Wednesday 24 January 2007

The Iraq Debate: The Prime Minister couldn't even bother to turn up.

The House of Commons debated Iraq today for the first time in Government time for two years.

You would have expected that the issue of Iraq was so critical that Parliament would have received a report on the progress of the US/UK strategy from the Prime Minister and MPs would have been allowed to vote on Britain's role in the future.

No chance! The Prime Minister refused to even attend the debate and the Government refused to allow a vote on its strategy.

Instead, Mr Blair attended a meeting with representatives from big business and, although MPs tried to engineer a procedural vote, the manoeuvring of Government whips made this impossible.

Apart from me not a single candidate for either leader or deputy leader of the Labour party condemned this display of contempt for Parliament or made any public statement today on the need for a change of strategy.

Virtually every week now at the beginning of Prime Minister's questions, the Prime Minister and MPs offer their condolences to the family of yet another British soldier, who has lost his life in Iraq.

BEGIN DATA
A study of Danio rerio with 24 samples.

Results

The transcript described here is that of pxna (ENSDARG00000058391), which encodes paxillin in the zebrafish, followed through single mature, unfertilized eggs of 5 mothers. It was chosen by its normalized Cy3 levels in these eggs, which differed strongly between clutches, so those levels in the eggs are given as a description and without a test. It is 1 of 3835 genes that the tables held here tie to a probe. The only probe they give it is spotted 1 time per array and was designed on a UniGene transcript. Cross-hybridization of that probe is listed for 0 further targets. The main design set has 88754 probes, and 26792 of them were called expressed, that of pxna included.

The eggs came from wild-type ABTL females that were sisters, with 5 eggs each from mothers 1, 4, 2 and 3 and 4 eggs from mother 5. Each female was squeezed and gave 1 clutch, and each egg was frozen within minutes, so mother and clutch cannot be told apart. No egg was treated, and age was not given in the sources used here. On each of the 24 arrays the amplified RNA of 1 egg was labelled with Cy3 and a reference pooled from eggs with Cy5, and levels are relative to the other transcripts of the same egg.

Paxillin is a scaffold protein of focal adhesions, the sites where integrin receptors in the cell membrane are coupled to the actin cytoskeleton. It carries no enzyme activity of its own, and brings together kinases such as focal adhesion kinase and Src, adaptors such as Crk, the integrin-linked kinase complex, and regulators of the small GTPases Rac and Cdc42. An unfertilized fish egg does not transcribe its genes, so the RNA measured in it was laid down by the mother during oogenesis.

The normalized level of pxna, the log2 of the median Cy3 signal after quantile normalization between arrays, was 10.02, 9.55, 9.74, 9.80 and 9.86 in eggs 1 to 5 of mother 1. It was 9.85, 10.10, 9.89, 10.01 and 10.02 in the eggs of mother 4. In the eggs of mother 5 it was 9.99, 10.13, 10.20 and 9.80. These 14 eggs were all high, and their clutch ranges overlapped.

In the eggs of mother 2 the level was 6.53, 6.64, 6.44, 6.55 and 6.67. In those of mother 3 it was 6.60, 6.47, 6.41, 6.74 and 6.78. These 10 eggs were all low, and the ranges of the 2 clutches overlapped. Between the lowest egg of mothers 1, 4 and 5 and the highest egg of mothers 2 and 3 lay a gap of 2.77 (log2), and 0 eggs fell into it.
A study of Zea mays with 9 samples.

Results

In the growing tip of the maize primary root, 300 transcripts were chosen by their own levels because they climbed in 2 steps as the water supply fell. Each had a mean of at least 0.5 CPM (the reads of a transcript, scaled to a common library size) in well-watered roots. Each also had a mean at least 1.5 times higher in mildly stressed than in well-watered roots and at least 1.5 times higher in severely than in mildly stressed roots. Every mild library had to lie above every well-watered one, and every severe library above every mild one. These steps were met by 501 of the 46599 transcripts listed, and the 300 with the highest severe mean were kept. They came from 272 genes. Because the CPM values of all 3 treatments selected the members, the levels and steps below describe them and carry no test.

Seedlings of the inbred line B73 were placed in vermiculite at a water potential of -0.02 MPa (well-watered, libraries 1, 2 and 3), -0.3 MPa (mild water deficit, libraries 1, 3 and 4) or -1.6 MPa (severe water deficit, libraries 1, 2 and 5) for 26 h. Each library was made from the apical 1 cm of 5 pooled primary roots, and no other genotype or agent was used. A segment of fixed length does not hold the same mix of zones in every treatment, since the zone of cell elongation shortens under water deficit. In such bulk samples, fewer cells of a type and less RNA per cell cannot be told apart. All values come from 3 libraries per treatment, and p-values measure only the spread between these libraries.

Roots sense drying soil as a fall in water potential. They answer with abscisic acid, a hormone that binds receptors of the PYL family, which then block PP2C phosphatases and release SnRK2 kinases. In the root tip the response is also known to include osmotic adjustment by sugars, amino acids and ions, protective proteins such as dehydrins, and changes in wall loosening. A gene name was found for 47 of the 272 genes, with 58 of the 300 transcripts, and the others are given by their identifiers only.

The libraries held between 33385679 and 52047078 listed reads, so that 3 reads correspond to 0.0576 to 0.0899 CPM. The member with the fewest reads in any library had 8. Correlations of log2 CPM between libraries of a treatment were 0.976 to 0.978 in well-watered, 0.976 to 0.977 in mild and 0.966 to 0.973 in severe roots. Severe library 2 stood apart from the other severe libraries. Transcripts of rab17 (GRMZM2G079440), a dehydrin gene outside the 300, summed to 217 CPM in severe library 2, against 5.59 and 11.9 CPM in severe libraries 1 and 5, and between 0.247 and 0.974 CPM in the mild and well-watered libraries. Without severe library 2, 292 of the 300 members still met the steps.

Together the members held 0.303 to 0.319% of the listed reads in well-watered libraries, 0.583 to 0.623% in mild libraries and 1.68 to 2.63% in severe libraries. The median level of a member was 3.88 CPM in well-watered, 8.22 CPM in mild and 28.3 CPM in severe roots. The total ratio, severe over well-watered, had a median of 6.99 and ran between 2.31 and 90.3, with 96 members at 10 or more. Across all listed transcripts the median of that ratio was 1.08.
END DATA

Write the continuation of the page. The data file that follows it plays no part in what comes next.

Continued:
Surely the continuing loss of lives on such a large scale amongst Iraqi civilians and both British and US servicemen and women warrants the Prime Minister accounting to Parliament for his actions.

In addition, there is now even greater confusion about what strategy the Government is pursuing as the Prime Minister hints at the withdrawal of some British troops later this year and yet the Bush administration has indicated that it would expect the scale of the British presence to be maintained.

What is increasingly apparent to both MPs and the general public is that there is no realistic British strategy to extricate ourselves from the nightmare that is Iraq and that the US strategy of pouring in more troops holds out no prospect of success and is more likely to replicate Vietnam.

It is even more imperative now for us to step up the "Stop the War" campaign on the broadest front to demand withdrawal. The longer the delay for withdrawal the greater will be the loss of life and human suffering.